IRAQ (WTNH/ABC NEWS) — More than a dozen ballistic missiles were fired at multiple U.S. military facilities inside Iraq from Iran on Wednesday in retaliation of a recent U.S. airstrike killed Iranian General Qasem Soleimani.
After the U.S. attack, Iranian leaders vowed to avenge Soleimani’s death.
Reporters in the Middle East received the following statement: “The body of General Soleimani is being buried now. After taking revenge of his blood, now his body is being buried.”
The Iran Revolutionary Guard Corps took credit for the attack, and one Iranian politician tweeted his nation’s flag — an apparent swipe at President Donald Trump who tweeted the American flag after the killing of Soleimani.
“We warn the Great Satan, the arrogant American regime that any new invasions and aggression will result in more painful and pounding responses,” the Iran Revolutionary Guard Corps stated.
A U.S. official confirmed to ABC News that the facilities include Erbil in northern Iraq and Al Asad Air Base in western Iraq.
A Pentagon spokesman said more than 15 missiles were launched from Iran. The attack started at 5:30 p.m. local time.
“It is clear that these missiles were launched from Iran and targeted at least two Iraqi military bases hosting U.S. military and coalition personnel at Al-Assad and Irbil,” wrote Pentagon spokesman Jonathan Hoffman.
“This morning, courageous fighters of the IRGC’s Air Force launched a successful operation called Operation Martyr Soleimani, with the code ‘Oh Zahra’ by firing tens of ground-to-ground missiles at the base of the terrorist and invasive US forces,” the country’s state-run news outlet ISNA reported.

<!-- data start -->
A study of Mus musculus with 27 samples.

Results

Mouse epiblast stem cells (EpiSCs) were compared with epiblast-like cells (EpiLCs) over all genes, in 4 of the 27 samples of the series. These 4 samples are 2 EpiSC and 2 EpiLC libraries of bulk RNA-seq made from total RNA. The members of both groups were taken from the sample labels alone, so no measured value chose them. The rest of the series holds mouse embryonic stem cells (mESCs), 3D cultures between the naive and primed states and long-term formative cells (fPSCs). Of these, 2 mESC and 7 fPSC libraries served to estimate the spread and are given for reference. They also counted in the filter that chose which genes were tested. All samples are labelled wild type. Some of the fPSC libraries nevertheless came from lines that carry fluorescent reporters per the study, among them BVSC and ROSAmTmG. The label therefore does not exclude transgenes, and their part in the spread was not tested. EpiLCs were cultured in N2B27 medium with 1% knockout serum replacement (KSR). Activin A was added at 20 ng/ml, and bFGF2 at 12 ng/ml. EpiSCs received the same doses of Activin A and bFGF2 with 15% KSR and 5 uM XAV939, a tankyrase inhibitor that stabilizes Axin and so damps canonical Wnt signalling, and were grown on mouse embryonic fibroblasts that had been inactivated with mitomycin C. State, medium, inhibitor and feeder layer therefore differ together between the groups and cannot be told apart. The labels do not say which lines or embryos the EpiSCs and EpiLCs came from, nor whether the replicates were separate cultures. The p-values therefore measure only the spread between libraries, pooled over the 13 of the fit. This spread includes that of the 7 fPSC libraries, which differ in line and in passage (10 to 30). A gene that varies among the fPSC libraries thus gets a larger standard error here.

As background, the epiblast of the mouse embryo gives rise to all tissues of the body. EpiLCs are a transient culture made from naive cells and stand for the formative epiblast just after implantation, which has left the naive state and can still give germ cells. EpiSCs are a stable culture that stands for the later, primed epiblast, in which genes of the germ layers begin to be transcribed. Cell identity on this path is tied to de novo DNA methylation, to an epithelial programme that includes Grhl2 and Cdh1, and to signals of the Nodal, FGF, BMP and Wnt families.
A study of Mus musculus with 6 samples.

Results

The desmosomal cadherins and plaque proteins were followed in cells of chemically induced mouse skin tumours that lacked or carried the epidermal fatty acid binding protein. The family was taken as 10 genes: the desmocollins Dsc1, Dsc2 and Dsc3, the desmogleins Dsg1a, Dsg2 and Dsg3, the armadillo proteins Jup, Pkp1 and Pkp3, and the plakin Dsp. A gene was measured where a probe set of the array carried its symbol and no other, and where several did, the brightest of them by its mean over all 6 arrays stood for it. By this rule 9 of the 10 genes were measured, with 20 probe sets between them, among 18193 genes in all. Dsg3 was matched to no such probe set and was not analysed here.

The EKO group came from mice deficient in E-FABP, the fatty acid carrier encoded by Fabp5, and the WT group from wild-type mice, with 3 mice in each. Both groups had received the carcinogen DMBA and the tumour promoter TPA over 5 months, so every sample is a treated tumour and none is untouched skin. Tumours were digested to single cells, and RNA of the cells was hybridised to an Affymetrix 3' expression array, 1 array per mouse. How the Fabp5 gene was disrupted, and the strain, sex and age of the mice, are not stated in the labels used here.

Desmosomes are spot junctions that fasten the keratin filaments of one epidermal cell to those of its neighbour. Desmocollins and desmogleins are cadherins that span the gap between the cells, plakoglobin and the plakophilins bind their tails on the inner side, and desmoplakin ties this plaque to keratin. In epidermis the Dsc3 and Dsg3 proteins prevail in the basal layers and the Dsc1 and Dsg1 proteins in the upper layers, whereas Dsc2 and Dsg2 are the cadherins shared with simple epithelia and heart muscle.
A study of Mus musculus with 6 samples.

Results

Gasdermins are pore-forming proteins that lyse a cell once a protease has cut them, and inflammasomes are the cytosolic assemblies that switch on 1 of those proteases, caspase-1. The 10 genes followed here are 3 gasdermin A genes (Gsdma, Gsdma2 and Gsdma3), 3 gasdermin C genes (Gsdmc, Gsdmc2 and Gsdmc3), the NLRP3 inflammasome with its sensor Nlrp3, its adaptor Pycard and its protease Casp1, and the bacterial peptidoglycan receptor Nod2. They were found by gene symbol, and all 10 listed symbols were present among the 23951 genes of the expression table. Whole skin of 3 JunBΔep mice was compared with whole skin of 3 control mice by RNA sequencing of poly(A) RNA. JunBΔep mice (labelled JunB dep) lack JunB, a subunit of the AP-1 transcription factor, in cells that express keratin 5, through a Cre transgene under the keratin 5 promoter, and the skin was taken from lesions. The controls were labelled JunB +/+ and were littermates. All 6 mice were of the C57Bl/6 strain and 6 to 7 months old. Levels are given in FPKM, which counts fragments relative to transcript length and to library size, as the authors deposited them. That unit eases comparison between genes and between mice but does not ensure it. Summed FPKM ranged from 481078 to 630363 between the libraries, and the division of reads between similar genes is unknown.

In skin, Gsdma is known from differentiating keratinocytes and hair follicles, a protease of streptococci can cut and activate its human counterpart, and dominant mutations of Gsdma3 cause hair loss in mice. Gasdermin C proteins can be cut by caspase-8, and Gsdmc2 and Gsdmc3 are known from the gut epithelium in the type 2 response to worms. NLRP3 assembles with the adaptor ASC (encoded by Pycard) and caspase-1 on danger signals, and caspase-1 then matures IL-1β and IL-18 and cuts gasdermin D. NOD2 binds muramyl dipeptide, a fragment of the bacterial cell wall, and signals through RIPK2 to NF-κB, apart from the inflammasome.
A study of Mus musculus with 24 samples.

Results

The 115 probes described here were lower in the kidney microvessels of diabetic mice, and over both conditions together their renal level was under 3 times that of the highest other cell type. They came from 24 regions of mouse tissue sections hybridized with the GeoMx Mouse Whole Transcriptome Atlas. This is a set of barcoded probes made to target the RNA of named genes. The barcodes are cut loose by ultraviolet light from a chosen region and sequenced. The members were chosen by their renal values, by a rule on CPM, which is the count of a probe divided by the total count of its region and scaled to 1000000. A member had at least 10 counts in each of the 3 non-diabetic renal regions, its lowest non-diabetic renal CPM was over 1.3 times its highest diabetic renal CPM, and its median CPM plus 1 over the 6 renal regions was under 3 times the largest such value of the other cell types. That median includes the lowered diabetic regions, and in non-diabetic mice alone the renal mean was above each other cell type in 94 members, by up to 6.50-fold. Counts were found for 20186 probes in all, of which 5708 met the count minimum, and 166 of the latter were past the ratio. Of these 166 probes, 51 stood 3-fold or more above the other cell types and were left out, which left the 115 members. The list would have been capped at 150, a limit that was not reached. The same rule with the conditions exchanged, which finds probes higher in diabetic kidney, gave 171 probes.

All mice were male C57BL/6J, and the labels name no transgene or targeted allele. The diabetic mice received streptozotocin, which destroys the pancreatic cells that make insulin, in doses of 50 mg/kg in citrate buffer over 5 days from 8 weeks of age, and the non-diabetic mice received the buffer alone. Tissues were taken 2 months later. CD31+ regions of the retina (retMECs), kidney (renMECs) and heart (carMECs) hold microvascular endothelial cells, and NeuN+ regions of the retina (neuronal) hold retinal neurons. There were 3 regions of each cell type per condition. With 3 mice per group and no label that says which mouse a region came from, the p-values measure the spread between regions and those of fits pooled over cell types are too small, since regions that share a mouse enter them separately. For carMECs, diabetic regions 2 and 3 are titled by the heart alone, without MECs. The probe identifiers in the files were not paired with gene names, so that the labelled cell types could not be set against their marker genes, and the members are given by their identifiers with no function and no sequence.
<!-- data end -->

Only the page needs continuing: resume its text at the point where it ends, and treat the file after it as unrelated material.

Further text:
It is unclear if there have been any injuries or casualties. A Defense Department statement said they are still working on initial damage assessments. A senior administration official and a U.S. official told ABC News late Tuesday that there were no indications of American casualties so far.
“In recent days and in response to Iranian threats and actions, the Department of Defense has taken all appropriate measures to safeguard our personnel and partners. These bases have been on high alert due to indications that the Iranian regime planned to attack our forces and interests in the region,” Assistant to the Secretary of Defense for Public Affairs Jonathan Hoffman said in a statement.
As of 7 p.m. Eastern time, U.S. officials confirmed that missiles were still inbound from Iran to multiple locations inside Iraq, specifically Erbil and Al Assad.
White House Press Secretary Stephanie Grisham released a statement after the attack, saying in part that Trump had been briefed on the situation. “We are aware of the reports of attacks on US facilities in Iraq. The President has been briefed and is monitoring the situation closely and consulting with his national security team.”
Late Tuesday night Trump tweeted that “all is well” and that he plans to make a statement Wednesday morning.
During a briefing at the Pentagon on Tuesday, Defense Secretary Mark Espe said the U.S. was ready to retaliate for any attack launched by Iran.
“Thirdly, to our partners and allies and to the Iran regime, I would like to say we are not looking to start a war with Iran. But we are prepared to finish one,” Esper said. “As I’ve told my many colleagues, as I spoke to them over the last few days, what we like to see is the situation be de-escalated and for Iran to sit down with us to begin a discussion about a better way ahead.”